Notre Dame recruiting took a step in a new direction this past week when for the first time in at least the last 50 years, a football recruit enrolled in the University a semester early. Actually, three of them did. Indiana running back James Aldridge, Texas offensive lineman Chris Stewart, and Oklahoma wide receiver George West all officially moved into their new dorm rooms and signed their scholarship papers, making them Notre Dame's first early enrollees.
"I guess that makes us pioneers in a way," Aldridge said. "But you know people have been doing this at other schools for 10 years now. I just think of it as I'm bringing something new to Notre Dame. Hopefully, George, Chris and I can be a successful story with early enrollment, and we can keep it going for others."The football benefits of early enrollment are obvious. The three will get to start winter workouts with the team and fully participate in spring practice. The jumpstart will give all three a tremenous head start heading into fall practice. It will give Aldridge a chance to find some carries in the backfield, West an opportunity to show his stuff as a return man, and Stewart a shot to work his way into the offensive line 2-deep. The benefits also extend to the academic side as the three will get a chance to take a few introductory level courses without the time crunch of in-season football that normally greets freshman in the fall.
Of course, just to be considered for early enrollment, a proven strong academic track record was a necessity. Notre Dame never officially had a rule forbidding early enrollment, a trend that started around 10 years ago, but it was never sought out by previous coaches. Some of the credit for this shift in thinking should go to James Aldridge as well as Coach Weis. In the past Notre Dame has recruited kids who sought out early enrollment (Dan Connor, Myron Rolle, etc...) but all changed their mind about Notre Dame, among other reasons, after hearing that the Irish did not accept early enrollment for football players. When Aldridge committed to Weis and the Irish it was still not a given that he would be allowed to enroll early, but he stuck with the Irish and his willingness to work with the admissions department no doubt made the decision to enroll him easier. The same can be said for both West and Stewart. West's coursework at Northeast Academy in Oklahoma yielded him college credit and Stewart took courses at a local college to earn college credits and supplement his high school curriculum, so both demonstrated a commitment to academics as well as athletics.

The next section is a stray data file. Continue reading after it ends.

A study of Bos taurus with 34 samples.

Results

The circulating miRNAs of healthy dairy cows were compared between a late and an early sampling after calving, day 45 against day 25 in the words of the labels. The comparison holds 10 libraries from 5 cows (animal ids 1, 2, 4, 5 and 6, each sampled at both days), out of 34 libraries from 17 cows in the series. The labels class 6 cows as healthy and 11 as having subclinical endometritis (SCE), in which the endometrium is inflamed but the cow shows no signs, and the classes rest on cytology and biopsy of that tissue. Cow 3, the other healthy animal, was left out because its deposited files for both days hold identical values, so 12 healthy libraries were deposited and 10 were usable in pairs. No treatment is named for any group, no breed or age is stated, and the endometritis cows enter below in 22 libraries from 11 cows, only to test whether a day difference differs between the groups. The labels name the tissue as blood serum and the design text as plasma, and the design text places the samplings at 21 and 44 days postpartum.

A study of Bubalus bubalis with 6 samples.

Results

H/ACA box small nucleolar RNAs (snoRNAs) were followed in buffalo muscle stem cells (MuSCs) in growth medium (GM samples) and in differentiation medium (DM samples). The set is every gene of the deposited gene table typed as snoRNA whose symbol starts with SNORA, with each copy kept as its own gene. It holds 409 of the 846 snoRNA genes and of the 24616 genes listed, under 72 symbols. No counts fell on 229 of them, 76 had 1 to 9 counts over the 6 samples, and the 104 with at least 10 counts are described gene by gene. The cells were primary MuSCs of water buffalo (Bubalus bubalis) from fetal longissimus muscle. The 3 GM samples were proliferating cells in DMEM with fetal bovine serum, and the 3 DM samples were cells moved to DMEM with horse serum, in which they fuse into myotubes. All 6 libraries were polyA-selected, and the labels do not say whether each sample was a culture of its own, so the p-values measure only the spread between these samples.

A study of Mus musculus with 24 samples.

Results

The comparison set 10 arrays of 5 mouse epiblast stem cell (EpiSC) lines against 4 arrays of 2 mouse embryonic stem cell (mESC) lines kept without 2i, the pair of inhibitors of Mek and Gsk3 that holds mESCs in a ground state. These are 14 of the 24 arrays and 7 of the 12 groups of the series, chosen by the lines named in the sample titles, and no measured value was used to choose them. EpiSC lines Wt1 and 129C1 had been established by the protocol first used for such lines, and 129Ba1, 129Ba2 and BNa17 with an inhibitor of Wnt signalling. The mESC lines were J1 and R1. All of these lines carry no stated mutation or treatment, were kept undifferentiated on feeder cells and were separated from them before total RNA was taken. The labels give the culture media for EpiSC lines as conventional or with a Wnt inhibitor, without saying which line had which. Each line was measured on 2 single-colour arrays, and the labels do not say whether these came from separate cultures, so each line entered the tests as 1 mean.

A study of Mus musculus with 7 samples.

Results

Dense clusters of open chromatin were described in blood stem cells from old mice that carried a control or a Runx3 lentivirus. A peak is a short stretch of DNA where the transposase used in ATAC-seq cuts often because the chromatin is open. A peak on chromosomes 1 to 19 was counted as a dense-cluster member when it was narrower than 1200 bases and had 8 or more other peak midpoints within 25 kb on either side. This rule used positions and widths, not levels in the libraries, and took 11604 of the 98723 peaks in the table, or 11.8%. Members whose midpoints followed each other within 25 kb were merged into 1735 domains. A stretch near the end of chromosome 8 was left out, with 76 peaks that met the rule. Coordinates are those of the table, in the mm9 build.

Personally, I think that in very limited numbers early enrollment can work for Notre Dame. But care must be taken by both the football coach and the admissions department to make it successful. (To be clear, I'm sure both parties did as much this year.) Let's be honest, the spring semester at Notre Dame should more accurately be named "the winter semester with two great weeks of spring weather when you really should be studying for finals". Obviously Indiana native James Aldridge is used to the weather he'll see in South Bend but Texas native Chris Stewart might not be a big fan of those 6 am walks to the Gug in the middle of February. The fact that three recruits were brought in gives them all a built-in support network. I really wouldn't want to see more than, say, four early entry recruits in a year, but I think that two or three is better than just bringing in a lone recruit.
To clear up some speculation, the three do not have to sign the Letter of Intent that the rest of the recruits will sign on February 6th. However, signing their scholarship papers will have the exact same effect. They now are subject to the same transfer rules as everyone else.